Collingwood forward Josh Thomas says a recent two-week spell out of the Magpies side through omission and injury has proved a "circuit-breaker" in his bid to recapture his best form for the finals.

Thomas was a revelation last year with 38 goals – equal-third in a Collingwood team that finished runner-up – but for much of this season the diminutive opportunist hasn't reached the same heights.

The 27-year-old believes his enforced late-season break from AFL level was the "best thing" for him, given he returned to the Pies' side a month ago in better physical and mental shape. His form has improved accordingly, highlighted by his season-high three-goal haul in the big win over Adelaide at Adelaide Oval last Saturday night.

Josh Thomas has got his season back on track over the past month. Picture: AFL Photos

The turning point was the Woods' four-point loss to Hawthorn at the MCG round 16, when Thomas was again only so-so after being held scoreless for the third successive time. After 15 games, his season goal tally had stagnated at 12.

Form wasn't Thomas' only problem. After copping a "nasty knock" against the Hawks, he was also battling his first hip pointer injury.

Thomas pushed to play the next week and was passed fit, but coach Nathan Buckley delivered the bad news: he'd been dropped. It broke Thomas' run of 50 consecutive games since fighting his way back to AFL level in late 2017, after returning from a two-year doping suspension.

"It was a bit disappointing at the time (to be dropped) but I wasn't too upset, and I wasn't surprised," Thomas told ahead of the Pies' final-round clash with Essendon at the MCG on Friday night.

"My form had been pretty consistent but I was just a little bit down. I was thinking, 'It'll turn, it'll turn,' – but it didn't really.

"I hadn't missed a game for a while and I'd played a similar role the whole time, so maybe I got a little bit stale. I wasn't hitting the scoreboard as much and probably didn't look as sharp as I had in the past, and sometimes that can be a hard cycle to break.

"'Bucks' said, 'Just go back (to the VFL) and clear the head.' I knew he wasn't sending me back there to forget about me.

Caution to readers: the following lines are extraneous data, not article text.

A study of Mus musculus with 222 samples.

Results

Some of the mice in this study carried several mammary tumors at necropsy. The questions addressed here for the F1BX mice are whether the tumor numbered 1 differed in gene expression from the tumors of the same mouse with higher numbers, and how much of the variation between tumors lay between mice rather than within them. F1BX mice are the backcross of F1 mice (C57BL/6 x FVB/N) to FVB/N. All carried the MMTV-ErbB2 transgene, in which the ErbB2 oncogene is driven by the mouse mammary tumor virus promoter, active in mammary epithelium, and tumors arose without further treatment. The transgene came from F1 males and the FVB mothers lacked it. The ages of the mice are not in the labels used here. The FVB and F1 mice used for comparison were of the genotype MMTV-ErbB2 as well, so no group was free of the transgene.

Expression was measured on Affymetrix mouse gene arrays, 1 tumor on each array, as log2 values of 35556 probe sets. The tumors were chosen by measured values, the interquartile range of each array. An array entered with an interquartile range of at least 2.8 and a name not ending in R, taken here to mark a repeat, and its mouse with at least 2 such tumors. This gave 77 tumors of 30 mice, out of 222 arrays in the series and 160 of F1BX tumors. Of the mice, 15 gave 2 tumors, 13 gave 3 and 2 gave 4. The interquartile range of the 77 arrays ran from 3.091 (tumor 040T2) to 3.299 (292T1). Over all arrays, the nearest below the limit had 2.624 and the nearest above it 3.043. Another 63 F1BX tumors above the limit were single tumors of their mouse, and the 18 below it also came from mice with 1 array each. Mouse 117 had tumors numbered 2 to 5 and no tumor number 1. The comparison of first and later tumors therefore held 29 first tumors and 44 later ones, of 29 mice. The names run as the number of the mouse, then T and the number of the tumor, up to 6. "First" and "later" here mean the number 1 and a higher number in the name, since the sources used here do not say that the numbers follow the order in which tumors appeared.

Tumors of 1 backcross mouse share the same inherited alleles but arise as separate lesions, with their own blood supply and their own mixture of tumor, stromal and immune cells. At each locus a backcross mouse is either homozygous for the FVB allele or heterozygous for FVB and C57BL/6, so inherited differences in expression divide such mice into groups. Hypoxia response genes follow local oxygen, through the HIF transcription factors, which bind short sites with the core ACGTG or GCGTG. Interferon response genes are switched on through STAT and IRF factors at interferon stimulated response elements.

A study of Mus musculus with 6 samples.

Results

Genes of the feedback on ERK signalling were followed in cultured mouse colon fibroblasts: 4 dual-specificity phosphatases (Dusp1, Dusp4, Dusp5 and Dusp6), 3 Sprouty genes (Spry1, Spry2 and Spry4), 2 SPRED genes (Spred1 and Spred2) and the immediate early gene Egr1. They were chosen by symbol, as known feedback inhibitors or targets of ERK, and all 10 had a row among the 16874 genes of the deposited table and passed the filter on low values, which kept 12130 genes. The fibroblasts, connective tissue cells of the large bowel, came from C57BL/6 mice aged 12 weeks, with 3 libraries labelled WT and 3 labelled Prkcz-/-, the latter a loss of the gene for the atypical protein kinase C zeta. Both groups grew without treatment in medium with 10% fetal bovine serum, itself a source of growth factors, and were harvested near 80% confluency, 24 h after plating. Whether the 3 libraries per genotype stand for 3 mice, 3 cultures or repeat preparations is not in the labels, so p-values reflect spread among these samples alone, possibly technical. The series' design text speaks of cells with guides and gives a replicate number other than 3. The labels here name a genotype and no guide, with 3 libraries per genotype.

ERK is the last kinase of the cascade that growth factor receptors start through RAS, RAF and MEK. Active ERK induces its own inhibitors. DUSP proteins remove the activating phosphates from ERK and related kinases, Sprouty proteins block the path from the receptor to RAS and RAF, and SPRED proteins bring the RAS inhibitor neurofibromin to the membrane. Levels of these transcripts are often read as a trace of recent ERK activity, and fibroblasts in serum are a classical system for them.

"Whether I was back there for just a week or multiple weeks, I just wanted to put my best foot forward. It was an opportunity to run around with some freedom and try to get my hands on the footy – a bit of a circuit-breaker."

In his first VFL game in more than two years – a narrow loss to Williamstown at Victoria Park – Thomas concedes he "didn't play very well at all", managing just 11 touches and failing to score.

The Queenslander had a decent excuse, though – by now his hip was "very sore". He probably shouldn't have played.

He didn't the next week, and the resultant rest proved a welcome elixir.

"Having that week off has probably turned out to be the best thing for me because it refreshed the body and, more importantly, the mind, because it helped get that hunger back," Thomas, contracted to 2021, said.

Thomas says he was "lucky" to be recalled for the round 19 clash with Richmond due to injuries to teammates. His spot hasn't come under threat since – he has kicked goals in all four games and had goal assists in all but one.

"I wanted to play with renewed hunger and energy, and I've certainly felt like I have, and hopefully I can keep tracking in the right direction," he said.

"Since I've been back I've felt much better, my form's probably improved a little bit and I've hit the scoreboard a bit more too. It helps that the team has been playing better as well.

"Sometimes it's just so subtle – just that half-metre here or there, or a bit of luck goes your way and suddenly things change. It's taken longer than I hoped, but I was confident that if I kept doing the work and stayed positive things would turn, and it seems they might be slowly doing that.

"It was a bit disappointing at the time (to be dropped) but I wasn't too upset, and I wasn't surprised."

Highly regarded at the Holden Centre for his discipline, Thomas readily admits there were times this season when he needed to provide more than just the team stuff in his high half-forward role.

"The big challenge for me was coming off the ground thinking, 'Technically, I've played my role,' but I wasn't having the impact I possibly had last year. I didn't want to go away from the role just to try to get a kick, but at the same time you're a forward, so you want to get the ball and either score or set up scores," he said.

Buckley observed at a mid-season press conference that 'JT' was "really hard on himself" – a trait that the player himself acknowledges can have more of a negative effect than a positive one.

"It's a bad habit of mine, a weakness, where if I make a mistake I can dwell on it and beat myself up over it and lose some focus," Thomas revealed.

"'Bucks' has spoken to me about it pretty regularly about refocusing after a mistake because the game moves on quickly.

"When you're not going as well those things can creep in. It's not a massive problem, but it's something I try to work on and stay on top of.

"When I'm at my best I stay 100 per cent engaged. That's what I'm focusing on."